As part of the latest updates to the reformed Toxic Substances Control Act (TSCA), the U.S. Environmental Protection Agency (EPA) last week proposed new rules for the risk evaluation of asbestos.
The EPA released a significant new use rule (SNUR) proposal which would allow the agency to prevent new uses of asbestos, the naturally occurring mineral linked to deadly cancers such as mesothelioma.
It is the first time the EPA has issued such an action. The SNUR would require the agency’s approval before asbestos-containing goods can be manufactured, imported or processed. It would grant the EPA power to evaluate the intended use of asbestos and take action, when necessary, to prohibit or limit its use.
However, environmental groups and anti-asbestos advocates are skeptical of the SNUR proposal and what it may mean for a future ban of asbestos in the U.S. They say the new rules undermine the spirit of the reformed TSCA and ignore the health concerns of asbestos disposal and past uses of asbestos.
“Every day, Americans are exposed to deadly substances like asbestos that are strongly linked to cancer and other devastating diseases without seeing a sufficient response from the government,” Sen. Edward Markey, D-Mass., a member of the Environment and Public Works Committee, said in a statement. “By moving to ignore the health concerns of disposal and past uses of asbestos and other dangerous chemicals, the EPA is flagrantly disregarding the fact that it is statutorily required to look at the full lifecycle of these chemicals, from manufacture to disposal.”
EPA Issues Problem Formulation Documents
In addition to the SNUR, the EPA released the problem formulation documents for the first 10 substances up for review by the agency under the Frank R. Lautenberg Chemical Safety for the 21st Century Act, which overhauled the longstanding TSCA.
Asbestos, methylene chloride, carbon tetrachloride and several other chemical substances were added to the priority list for evaluation in 2016.
The problem formulation documents act as an interim step between last year’s scoping documents and the final risk evaluations, which must be completed by December 2019.
According to Markey and other critics of the Pruitt-led EPA, the documents will not take many sources of asbestos exposure into account in the agency’s evaluations.
Asbestos has not been mined or manufactured in the U.S. since 2002. However, use of the toxic mineral is still legal in the states. A 2017 study by the Asbestos Disease Awareness Organization and the Environmental Working Group (EWG) shows the U.S. imported an estimated 705 metric tons of raw chrysotile asbestos in 2016.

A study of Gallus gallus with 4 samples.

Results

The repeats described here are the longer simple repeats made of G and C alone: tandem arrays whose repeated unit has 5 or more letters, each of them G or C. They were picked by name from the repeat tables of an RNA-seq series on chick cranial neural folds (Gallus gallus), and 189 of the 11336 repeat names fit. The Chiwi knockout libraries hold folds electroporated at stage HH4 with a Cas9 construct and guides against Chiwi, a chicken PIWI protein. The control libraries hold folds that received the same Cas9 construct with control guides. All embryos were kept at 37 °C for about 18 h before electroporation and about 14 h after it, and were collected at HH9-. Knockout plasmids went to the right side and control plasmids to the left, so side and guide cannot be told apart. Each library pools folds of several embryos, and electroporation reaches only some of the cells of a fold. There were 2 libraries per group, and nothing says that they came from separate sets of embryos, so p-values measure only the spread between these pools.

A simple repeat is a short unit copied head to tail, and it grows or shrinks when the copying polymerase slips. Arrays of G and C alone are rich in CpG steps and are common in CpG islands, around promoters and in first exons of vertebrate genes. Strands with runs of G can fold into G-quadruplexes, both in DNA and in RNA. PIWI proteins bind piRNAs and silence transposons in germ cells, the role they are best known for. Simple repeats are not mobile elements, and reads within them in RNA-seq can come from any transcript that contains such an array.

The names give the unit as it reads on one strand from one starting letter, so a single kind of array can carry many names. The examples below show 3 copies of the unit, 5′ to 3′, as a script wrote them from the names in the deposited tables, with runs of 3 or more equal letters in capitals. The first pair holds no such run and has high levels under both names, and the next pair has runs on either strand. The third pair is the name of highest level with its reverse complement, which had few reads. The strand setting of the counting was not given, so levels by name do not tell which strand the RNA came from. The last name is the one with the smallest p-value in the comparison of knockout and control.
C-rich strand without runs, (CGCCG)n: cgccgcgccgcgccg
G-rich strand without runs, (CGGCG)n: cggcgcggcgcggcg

Most asbestos imports are used by the chloralkali industry, which uses asbestos diaphragms in its chlorine manufacturing process. Other asbestos-containing materials still used in the U.S. include gaskets and friction products such as brake pads.
Although asbestos is no longer added to construction materials such as insulation, drywall and vinyl tiles, it is still prevalent in older homes, offices, schools and other buildings built before 1980.
“Ignoring the many ways in which people are exposed to chemicals will put vulnerable populations, such as young children and communities living near factories, at even greater risk,” EWG said in a response to the updates. “These woefully incomplete problem formulations signal the EPA’s intent to discount human health risks to justify weak regulations of these chemicals.”
Groups Question EPA’s Approach
An analysis by the Environmental Defense Fund (EDF) shows the EPA plans to ignore more than 22 million pounds of asbestos air and land emissions with its proposed TSCA risk evaluations.
The nonprofit environmental advocacy group claims Pruitt’s EPA is taking an illegal approach to the chemical reviews and the proposed implementation of TSCA may make the legislation weaker than it was before the 2016 reform.
EDF and other groups have actively criticized Pruitt for longtime connections to the chemical and fossil fuel industry. The former Oklahoma attorney general reportedly led or participated in 14 lawsuits aimed at blocking EPA regulations.
“The approach [the EPA] is taking — designed by an appointee who came straight from the chemical industry’s lobbying arm — ignores millions of pounds of toxic pollution,” said Dr. Richard Denison, EDF lead senior scientist. “Pruitt’s EPA won’t examine the real extent of exposures to these chemicals — and that will put at risk the lives and health of Americans.”